Michael Caparon, PhD
Michael Caparon, PhD, professor of molecular microbiology, is honored for his outstanding contributions to graduate student teaching.
Caparon, also associate director of the Center for Women’s Infectious Disease Research, has been a cornerstone of the microbiology training program for 25 years. He has served as course master for all of the microbiology graduate and medical courses and currently teaches in six courses. As a course master, he implemented several novel teaching techniques, including mixing case history presentations with lectures on the related underlying pathophysiology, helping students synthesize disease development with symptoms. He is known as a master at using everyday experiences such as movies, video games and historical events to draw students into learning complex science. Medical students have honored him seven times with the Distinguished Teaching Award.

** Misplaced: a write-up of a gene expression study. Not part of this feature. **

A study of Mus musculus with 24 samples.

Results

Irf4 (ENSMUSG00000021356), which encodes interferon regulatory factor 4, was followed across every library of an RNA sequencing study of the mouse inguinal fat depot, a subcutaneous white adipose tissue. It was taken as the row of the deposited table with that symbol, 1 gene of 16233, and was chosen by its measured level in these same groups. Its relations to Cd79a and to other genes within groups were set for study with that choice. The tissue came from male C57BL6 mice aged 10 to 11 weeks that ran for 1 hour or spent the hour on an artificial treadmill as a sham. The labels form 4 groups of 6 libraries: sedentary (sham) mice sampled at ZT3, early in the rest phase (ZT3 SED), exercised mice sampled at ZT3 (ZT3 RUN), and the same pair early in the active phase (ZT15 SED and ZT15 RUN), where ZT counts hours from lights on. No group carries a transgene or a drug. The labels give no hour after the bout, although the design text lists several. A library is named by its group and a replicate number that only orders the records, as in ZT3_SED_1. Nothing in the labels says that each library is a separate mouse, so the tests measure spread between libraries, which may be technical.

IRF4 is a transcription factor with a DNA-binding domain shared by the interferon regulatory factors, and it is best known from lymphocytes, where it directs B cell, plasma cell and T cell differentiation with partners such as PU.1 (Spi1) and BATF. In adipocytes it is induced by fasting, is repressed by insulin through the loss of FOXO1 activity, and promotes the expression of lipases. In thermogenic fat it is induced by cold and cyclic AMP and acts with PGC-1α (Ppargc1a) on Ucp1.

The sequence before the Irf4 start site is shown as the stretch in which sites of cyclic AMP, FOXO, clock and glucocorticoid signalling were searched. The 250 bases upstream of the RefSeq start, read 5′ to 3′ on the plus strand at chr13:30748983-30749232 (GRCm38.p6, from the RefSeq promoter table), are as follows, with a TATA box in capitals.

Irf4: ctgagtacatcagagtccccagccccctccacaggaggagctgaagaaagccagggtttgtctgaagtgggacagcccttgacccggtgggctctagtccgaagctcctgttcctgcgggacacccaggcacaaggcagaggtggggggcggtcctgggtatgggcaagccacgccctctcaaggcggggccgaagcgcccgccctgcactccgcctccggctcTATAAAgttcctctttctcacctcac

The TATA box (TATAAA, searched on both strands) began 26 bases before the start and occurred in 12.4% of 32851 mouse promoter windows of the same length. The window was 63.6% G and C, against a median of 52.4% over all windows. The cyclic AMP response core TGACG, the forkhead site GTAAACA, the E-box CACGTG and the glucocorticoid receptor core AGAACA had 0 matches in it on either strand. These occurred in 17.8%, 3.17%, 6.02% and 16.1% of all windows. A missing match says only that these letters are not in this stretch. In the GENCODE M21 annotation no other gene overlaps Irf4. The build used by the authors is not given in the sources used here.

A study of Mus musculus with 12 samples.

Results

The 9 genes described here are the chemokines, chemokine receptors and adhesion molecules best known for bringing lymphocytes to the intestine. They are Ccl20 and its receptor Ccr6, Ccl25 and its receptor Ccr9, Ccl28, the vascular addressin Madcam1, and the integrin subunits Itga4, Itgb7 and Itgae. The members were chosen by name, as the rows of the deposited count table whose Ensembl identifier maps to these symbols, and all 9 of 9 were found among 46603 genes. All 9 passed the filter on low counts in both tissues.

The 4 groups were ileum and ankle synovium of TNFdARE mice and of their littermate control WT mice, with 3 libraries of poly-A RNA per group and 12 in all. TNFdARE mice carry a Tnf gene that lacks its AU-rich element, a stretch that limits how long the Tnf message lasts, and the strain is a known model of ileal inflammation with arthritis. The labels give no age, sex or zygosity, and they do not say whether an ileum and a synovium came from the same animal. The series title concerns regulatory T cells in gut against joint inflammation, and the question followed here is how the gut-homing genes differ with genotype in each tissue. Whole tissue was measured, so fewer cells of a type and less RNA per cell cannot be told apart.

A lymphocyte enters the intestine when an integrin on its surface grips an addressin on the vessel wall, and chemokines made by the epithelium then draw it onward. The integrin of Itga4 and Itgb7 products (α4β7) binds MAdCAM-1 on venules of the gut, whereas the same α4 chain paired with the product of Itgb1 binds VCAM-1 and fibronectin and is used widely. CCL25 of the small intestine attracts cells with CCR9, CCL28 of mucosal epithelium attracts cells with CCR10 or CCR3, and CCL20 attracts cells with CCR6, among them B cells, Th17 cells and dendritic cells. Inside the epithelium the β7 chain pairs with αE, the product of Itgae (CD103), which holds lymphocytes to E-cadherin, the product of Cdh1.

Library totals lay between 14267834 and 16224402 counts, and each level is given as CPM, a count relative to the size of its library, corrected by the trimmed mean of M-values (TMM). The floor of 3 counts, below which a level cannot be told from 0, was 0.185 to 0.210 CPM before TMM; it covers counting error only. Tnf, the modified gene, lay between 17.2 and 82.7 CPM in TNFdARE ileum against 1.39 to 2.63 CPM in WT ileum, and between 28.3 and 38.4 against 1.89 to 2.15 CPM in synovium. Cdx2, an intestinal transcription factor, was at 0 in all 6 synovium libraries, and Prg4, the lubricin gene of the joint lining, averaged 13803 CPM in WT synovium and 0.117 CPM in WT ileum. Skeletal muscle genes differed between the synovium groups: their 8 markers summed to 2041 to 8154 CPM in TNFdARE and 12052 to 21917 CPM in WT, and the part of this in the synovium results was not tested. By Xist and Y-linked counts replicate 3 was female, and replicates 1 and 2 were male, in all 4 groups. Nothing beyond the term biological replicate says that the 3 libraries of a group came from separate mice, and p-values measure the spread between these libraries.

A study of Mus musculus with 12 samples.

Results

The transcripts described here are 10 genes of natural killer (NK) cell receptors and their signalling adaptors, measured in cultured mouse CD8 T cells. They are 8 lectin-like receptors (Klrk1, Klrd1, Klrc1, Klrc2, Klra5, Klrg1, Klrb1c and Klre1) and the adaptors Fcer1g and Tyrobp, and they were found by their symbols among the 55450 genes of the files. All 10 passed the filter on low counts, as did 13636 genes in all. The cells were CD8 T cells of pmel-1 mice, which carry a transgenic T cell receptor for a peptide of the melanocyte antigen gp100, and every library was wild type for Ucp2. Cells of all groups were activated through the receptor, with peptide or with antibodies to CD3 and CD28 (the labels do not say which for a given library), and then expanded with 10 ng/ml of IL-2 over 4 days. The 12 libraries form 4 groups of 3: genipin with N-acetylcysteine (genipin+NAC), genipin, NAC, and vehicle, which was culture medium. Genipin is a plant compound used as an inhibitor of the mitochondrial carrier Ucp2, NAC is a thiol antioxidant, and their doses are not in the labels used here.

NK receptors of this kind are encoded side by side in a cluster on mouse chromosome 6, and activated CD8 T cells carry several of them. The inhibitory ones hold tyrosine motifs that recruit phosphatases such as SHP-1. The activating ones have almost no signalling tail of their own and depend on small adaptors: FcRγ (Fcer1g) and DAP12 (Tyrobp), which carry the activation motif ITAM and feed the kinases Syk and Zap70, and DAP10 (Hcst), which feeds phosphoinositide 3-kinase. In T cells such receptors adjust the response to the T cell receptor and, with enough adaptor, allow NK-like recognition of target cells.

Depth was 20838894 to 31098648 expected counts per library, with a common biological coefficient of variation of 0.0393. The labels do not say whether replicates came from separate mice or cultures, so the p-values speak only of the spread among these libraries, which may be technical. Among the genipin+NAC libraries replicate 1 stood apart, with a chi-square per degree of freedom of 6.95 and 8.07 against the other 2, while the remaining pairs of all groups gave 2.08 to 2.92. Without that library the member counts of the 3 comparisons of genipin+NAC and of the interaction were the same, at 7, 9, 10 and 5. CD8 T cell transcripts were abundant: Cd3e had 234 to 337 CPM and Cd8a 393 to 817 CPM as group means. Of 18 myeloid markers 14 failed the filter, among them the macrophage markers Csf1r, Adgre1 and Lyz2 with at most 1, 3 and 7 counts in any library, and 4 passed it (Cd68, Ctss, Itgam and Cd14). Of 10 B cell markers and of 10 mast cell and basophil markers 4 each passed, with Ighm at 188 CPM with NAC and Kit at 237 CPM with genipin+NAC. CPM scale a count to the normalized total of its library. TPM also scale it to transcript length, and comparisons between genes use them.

In graduate education, he has been head of the microbiology admissions committee for the past five years and has served on the steering committee for more than 15. He also initiated a popular grant-writing workshop that is highly valued by trainees in helping them develop this essential skill. Most importantly, Caparon has mentored more than 30 graduate students and postdoctoral fellows in his laboratory, which focuses on understanding the complex interactions between pathogenic gram positive bacteria and their human hosts during infection. Trainees appreciate his ability to guide them in tackling difficult questions and to support them as they explore new avenues of thought. The Graduate Student Senate awarded him the Special Recognition Award in Mentoring and Graduate Education in 2002.
Caparon received his bachelor’s degree in 1981 from Michigan State University and his doctorate from the University of Iowa in 1985. He completed postdoctoral training at Emory University before joining the Washington University faculty in 1989.